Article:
A powerful earthquake of 6.4 magnitude killed at least six people as it tore down buildings in central Croatia today, as rescuers combed toppled roofs and rubble in the dark.

The tremors were felt as far afield as Vienna while the damage was concentrated in and around Petrinja, a town some 50 kilometres south of Croatia's capital Zagreb. 

Rescuers tried to pull people from the rubble of collapsed buildings, television footage showed, and army troops were sent in to the area to help.

As rescue teams shovelled away bricks and other debris, some elderly residents gathered in a park in downtown Petrinja, wrapped in blankets and afraid to return home. 

"All the tiles in the bathroom are broken, all the dishes fell out", Marica Pavlovic, a 72-year-old retired meat factory worker, told AFP of the damage to her home.  

"Even if we wanted to, we can't go back in, there is no electricity." 

The GFZ German Research Centre for Geosciences said the quake hit at a depth of 10km. The epicentre was in the town of Petrinja, 50km south of the Croatian capital Zagreb.

Tomislav Fabijanic, head of emergency medical services in nearby Sisak, said many people had been injured in Petrinja and in Sisak.

"There are fractures, there are concussions and some had to be operated on," he said.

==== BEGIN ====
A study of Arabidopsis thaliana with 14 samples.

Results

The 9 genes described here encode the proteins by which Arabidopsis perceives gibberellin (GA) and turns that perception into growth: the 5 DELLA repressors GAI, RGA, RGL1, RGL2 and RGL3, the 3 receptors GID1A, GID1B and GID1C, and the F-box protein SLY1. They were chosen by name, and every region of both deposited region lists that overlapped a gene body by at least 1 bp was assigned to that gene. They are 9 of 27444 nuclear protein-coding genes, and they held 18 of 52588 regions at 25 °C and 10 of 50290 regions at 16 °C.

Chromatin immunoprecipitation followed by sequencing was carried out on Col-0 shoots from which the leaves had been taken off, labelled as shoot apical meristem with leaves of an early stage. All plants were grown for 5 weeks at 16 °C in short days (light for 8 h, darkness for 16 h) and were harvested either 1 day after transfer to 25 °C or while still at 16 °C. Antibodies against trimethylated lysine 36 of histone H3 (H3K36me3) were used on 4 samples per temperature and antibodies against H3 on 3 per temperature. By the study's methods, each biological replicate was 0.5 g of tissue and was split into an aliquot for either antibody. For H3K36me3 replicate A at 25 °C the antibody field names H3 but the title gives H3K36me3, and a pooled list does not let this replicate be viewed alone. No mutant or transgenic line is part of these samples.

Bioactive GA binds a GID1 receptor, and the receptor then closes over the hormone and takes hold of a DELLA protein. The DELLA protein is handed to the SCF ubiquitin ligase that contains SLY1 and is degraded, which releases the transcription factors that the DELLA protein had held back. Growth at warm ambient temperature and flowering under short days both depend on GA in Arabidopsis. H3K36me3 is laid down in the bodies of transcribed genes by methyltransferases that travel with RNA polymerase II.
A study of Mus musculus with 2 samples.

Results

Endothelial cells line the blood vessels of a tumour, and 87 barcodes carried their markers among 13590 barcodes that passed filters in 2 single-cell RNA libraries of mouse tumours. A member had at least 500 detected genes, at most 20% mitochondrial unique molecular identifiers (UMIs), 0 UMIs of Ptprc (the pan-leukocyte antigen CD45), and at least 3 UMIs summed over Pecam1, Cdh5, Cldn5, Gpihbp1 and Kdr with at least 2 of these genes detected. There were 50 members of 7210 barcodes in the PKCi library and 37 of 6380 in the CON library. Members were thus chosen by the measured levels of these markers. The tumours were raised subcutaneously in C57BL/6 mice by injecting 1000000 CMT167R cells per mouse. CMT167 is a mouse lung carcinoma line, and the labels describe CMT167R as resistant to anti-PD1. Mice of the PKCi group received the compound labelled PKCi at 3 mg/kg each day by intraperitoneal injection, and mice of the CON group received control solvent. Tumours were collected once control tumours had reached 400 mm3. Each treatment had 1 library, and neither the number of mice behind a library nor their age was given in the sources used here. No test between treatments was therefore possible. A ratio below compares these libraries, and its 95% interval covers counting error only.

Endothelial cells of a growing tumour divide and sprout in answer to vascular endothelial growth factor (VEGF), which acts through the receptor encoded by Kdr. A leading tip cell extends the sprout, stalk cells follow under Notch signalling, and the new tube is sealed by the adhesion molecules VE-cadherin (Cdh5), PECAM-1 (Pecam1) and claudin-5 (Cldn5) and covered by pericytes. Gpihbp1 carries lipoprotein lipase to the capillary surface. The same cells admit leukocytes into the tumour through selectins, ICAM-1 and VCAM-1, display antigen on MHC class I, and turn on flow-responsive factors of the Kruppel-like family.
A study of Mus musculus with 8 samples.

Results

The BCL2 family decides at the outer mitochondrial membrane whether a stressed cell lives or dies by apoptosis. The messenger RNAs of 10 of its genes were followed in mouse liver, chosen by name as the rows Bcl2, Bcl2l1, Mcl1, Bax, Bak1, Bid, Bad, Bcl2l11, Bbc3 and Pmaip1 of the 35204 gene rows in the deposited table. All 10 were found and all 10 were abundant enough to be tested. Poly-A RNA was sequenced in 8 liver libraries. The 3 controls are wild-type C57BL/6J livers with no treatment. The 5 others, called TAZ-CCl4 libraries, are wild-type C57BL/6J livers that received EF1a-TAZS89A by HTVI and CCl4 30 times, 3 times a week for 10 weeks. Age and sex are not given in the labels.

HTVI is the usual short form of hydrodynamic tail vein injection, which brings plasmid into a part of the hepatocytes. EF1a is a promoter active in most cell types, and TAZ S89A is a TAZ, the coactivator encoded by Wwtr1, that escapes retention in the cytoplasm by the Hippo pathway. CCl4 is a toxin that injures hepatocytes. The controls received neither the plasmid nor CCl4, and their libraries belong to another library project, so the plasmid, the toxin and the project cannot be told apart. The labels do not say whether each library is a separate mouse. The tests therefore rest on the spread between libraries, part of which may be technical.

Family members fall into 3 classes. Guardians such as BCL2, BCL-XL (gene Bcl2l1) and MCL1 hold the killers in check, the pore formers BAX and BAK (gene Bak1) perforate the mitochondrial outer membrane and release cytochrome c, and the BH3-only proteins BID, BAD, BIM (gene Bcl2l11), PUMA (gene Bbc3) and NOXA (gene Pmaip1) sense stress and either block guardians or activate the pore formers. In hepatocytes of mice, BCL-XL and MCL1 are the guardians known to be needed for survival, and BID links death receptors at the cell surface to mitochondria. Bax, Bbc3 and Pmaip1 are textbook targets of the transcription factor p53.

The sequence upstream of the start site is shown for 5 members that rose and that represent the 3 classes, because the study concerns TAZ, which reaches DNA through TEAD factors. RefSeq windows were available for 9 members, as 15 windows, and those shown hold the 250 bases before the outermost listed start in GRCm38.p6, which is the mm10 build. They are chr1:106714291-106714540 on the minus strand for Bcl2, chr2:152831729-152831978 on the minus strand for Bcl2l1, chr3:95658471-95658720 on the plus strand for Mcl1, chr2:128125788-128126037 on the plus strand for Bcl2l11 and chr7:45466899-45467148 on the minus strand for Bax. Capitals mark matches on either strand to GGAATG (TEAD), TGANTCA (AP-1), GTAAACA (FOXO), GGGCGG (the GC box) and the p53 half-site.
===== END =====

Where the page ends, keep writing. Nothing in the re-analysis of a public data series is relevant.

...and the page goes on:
Prime Minister Adrej Plenkovic, who rushed to Petrinja, said: "The army is here to help. We will have to move some people from Petrinja because it is unsafe to be here."

N1 news channel showed footage of rescuers in Petrinja pulling a man and a child from the debris. Both were alive.

Other footage showed a house with its roof caved in. The reporter said she did not know if anyone was inside.

N1 also said a kindergarten was destroyed in the quake butthere had been no children in it. The situation was "difficult" in retirement homes in the Petrinja area, it added.

Piles of stone, bricks and tiles littered the streets in the aftermath of the quake, and cars parked in the road were also damaged by falling debris. Patients were evacuated from the Sisak hospital because buildings were damaged.

Images of the town, which is home to around 20,000, showed collapsed roofs and streets strewn with bricks and other debris.

The Balkan region lies on major fault lines and is regularly hit by earthquakes.

European Affairs Minister Thomas Byrne offered "full solidarity" to Croatia on Twitter. "We stand ready to work with member states and the EU Commission."

The earthquake was felt in several neighbouring countries, including Slovenia and as far away as the Austrian capital Vienna.

Slovenia's Krsko nuclear power plant has been shut down as a precaution after the earthquake in neighbouring Croatia, the plant's spokeswoman said.

Krsko is Slovenia's sole nuclear power plant and lies about 100km east of the capital Ljubljana. 

The current 700-megawatt Westinghouse reactor was built in the former Yugoslavia and went into service in 1983. It is co-owned by Slovenia and Croatia.

The plant provides for around 20% of Slovenia's electricity needs and 15% of Croatia's but environmental campaigners have previously called for it to be shut down because of its age and the risks of seismic activity in the region.

It was originally due to be switched off in 2023, but Ljubljana and Zagreb decided in 2015 to extend its lifetime by another 20 years.